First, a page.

The choice must be yours to make!

Ohio Vaccine Law:

Vaccine laws that affect your freedom of choice are in jeopardy in all states across America. Currently in 2017, Ohio law allows for students to be exempted from immunizations for medical contraindications and if their parents decline for reasons of conscience, including religious convictions.

ORC 5104.014 (PRESCHOOL/DAYCARE)
1. A child is not required to be immunized against a disease specified in division (B) of this section if any of the following is the case:

(a) Immunization against the disease is medically contraindicated for the child;

(b) The child’s parent or guardian has declined to have the child immunized against the disease for reasons of conscience, including religious convictions;

ORC 3313.671 (K-12)
(4) A pupil who presents a written statement of the pupil’s parent or guardian in which the parent or guardian declines to have the pupil immunized for reasons of conscience, including religious convictions, is not required to be immunized.

(5) A child whose physician certifies in writing that such immunization against any disease is medically contraindicated is not required to be immunized against that disease.

OAMF provides two forms for you to use that comply with the law in submitting reasons of conscience/religious exemptions. You can find them here.

I DO NOT want to Vaccinate

It is a human right to make your own decision regarding vaccination, and your decision may be based on many factors or beliefs. Your freedom of choice regarding your vaccination decision is regulated by state authorities and laws. Know your state laws, which are listed on the back of this brochure.

Vaccinations are medical procedures with documented risks. Under Public Law 99-660, The National Childhood Vaccine Injury Act of 1986, vaccine manufacturers and doctors are not liable for damages or deaths from vaccines.

The decision to not vaccinate involves making an informed, educated decision. Consider reading several books on the issue that present clear data and arguments rather than hyperbole. Review the National Vaccine Information Center website (www.NVIC.org) for information.

Your decision to not vaccinate will involve understanding other issues such as finding medical care, school acceptance, and possible isolation or quarantine when there are community outbreaks. If you have a religious exemption, any facility accepting Federal funding must accept your exemption.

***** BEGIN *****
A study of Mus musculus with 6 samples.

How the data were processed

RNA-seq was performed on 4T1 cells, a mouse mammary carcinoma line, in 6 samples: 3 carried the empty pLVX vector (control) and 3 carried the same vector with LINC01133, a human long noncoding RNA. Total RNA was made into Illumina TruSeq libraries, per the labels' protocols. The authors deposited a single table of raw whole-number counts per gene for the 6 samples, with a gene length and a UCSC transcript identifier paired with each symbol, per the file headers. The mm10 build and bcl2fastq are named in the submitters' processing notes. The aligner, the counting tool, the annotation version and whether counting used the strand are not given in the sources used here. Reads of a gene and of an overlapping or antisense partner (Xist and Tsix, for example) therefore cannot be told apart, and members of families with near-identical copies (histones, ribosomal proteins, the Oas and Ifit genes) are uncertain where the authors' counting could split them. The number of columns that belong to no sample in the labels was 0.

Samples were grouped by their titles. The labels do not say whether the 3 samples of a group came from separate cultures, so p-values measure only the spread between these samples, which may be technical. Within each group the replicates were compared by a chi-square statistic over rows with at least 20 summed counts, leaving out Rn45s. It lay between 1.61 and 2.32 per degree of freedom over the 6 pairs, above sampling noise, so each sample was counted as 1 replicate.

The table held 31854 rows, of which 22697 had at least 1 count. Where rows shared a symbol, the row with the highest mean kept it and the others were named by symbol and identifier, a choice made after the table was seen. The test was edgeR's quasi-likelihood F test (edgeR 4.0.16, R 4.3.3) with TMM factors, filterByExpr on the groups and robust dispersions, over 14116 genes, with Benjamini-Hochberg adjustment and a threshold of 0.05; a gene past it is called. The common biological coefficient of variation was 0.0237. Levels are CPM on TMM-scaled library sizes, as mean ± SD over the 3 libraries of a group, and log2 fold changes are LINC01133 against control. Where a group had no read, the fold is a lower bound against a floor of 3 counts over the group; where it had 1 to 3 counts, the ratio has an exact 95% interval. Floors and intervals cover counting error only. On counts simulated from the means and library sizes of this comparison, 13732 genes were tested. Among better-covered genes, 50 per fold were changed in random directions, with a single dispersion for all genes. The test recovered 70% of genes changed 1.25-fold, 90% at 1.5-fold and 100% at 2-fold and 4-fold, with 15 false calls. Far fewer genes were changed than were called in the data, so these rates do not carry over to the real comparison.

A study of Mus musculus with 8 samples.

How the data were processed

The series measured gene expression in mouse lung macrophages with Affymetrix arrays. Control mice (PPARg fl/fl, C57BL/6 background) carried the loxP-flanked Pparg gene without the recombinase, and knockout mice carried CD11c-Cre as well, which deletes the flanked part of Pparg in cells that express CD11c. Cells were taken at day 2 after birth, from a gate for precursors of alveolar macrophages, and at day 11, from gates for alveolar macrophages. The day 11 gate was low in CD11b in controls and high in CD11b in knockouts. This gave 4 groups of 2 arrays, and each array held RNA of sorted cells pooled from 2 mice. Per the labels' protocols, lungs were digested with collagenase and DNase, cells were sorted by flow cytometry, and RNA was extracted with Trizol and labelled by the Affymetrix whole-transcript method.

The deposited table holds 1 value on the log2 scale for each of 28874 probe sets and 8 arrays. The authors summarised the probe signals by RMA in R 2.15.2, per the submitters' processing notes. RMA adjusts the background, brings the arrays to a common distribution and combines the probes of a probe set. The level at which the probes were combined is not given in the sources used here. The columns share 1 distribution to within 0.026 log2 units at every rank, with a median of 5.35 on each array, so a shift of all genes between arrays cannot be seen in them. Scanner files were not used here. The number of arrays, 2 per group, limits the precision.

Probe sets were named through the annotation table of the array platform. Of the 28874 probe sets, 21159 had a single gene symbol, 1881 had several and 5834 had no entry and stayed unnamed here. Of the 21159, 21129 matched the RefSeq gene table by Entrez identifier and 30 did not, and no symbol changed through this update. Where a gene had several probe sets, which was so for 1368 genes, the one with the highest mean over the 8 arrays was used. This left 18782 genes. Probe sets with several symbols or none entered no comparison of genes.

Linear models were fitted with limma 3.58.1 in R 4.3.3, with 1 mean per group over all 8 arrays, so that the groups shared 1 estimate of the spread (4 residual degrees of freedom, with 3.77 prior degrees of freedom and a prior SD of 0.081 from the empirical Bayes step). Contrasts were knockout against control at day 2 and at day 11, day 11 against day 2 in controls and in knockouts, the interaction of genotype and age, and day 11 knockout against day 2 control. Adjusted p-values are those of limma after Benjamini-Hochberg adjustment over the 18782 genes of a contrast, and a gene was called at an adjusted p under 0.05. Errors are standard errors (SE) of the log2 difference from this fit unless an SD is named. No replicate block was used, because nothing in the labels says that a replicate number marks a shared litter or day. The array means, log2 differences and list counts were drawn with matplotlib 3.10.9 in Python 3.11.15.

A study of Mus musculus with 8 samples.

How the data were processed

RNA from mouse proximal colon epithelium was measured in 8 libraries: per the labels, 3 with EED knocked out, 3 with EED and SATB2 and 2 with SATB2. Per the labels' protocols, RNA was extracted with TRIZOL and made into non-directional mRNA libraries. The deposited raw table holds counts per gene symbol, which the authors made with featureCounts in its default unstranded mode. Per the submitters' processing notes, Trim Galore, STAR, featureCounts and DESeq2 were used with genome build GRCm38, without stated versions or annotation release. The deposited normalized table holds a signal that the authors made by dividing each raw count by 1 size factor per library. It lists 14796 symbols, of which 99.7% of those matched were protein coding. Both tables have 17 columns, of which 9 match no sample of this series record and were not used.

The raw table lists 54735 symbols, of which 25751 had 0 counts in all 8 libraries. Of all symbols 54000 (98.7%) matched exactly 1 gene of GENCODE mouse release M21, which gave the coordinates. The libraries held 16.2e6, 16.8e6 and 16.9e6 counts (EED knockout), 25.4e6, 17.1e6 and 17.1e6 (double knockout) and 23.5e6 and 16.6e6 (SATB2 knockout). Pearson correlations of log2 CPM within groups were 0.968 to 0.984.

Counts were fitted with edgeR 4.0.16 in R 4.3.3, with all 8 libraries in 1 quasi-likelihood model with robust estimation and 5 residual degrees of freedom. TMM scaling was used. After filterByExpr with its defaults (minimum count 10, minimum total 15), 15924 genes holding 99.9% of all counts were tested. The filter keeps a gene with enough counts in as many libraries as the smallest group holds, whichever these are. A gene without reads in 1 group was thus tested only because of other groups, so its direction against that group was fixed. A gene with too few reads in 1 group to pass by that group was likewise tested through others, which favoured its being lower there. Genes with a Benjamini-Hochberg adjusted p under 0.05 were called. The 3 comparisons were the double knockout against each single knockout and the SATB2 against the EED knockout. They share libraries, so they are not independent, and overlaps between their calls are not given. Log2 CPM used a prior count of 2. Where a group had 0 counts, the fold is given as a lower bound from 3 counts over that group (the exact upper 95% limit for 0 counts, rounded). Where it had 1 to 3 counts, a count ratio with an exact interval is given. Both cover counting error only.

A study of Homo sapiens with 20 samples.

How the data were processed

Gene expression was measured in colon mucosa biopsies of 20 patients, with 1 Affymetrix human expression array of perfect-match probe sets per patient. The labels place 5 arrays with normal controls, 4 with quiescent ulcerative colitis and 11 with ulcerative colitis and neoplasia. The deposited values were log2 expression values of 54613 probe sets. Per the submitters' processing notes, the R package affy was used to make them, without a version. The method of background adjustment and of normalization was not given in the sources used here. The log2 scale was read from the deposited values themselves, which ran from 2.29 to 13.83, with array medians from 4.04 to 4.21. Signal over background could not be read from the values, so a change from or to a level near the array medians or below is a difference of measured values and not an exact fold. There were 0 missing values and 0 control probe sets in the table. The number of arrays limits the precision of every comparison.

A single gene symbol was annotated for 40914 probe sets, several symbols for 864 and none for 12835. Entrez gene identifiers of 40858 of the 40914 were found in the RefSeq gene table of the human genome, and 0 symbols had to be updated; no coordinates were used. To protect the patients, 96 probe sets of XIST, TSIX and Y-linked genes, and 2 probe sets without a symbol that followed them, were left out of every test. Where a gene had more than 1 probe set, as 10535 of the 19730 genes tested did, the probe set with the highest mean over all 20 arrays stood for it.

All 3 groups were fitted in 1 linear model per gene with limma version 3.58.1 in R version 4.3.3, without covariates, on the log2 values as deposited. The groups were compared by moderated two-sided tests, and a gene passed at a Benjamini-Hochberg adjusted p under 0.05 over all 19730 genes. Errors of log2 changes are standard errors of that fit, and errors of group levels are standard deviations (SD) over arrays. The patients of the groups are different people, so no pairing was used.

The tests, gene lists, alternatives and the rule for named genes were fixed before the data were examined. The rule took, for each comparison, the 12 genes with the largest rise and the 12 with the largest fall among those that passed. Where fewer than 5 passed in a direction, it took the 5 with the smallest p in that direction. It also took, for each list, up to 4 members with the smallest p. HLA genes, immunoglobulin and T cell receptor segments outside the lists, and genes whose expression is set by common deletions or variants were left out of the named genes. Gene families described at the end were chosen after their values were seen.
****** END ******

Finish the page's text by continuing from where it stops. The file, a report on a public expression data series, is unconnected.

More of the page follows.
You have the RIGHT to make your own decisions about vaccination.

I want to Vaccinate:

  1. Research and Educate

    In today’s fast-paced society, we often trust others for some of the most important decisions in our lives. Vaccinate responsibly by educating yourself. Do not be intimidated by your doctor or friends.

    1. Review the recommended vaccine schedule on the CDC website. Research the NVIC website, including the section on “titers” to make sure you need a specific vaccine.

    2. Read several books about vaccination that present clear data and rational arguments.

    3. PRIOR to receiving any vaccine, ask your doctor for a copy of the entire Vaccine Package Insert for each scheduled vaccine. They are about 20” long. Accept no substitute. Pay particular attention to sections on description, precautions, adverse reactions, usage, and contraindications.

    4. Find detailed information on each vaccine ingredient when you computer search: “CDC Pink Book Vaccine Ingredients.” (It’s Appendix B.)

    5. Carefully review the “Ask 8 Before you Vaccinate” on the NVIC website.

    6. Do not vaccinate until you are an educated consumer. It is your decision!

  2. Before you Vaccinate

    1. Confirm with your doctor’s office which vaccines are scheduled for that day.

    2. With your doctor, compare the doctor’s recommended vaccines for the day with the CDC recommended schedule and each manufacturer’s package insert. Make sure the vaccines do not conflict. Your doctor may need to do additional research and adjust the schedule for that day.

    3. Bring a copy of “Ask 8 Before you Vaccinate” and review with the doctor.

    4. Before any vaccine is given, ask your doctor to list EACH vaccine on a prescription pad along with each vaccine manufacturer’s name, lot number, and expiration date. Make sure you can read it and keep this in a safe place. It is the law (Public Law 99-660)!

    5. If vaccines are being given “late,” there is a “delayed schedule” that includes fewer doses of some vaccines to be considered fully vaccinated. Consumers should check that “delayed schedule” guidelines are being followed.

  3. After you Vaccinate

    Each vaccine can be associated with different reactions and different time frames when a reaction can occur.

    1. If you believe you or your family member is experiencing a vaccine reaction, go immediately to the ER or a walk-in clinic. Be sure to take all information about the vaccines you received.

    2. Call your primary doctor and report the incident. Send a copy of the report and make sure it is entered into your medical record.

    3. Report the incident to VAERS (Vaccine Adverse Event Reporting System) and keep a copy of the report. See the NVIC website.

If you or your child has a reaction or has died, the Government may compensate if the incident meets their guidelines. Under Public Law 99-660, you have three years to file a claim for an injury and two years for a death. Refer to the NVIC website for help. Under this law, vaccine manufacturers and doctors are not liable for damages or deaths from vaccines; therefore, compensation must be sought from the federal government.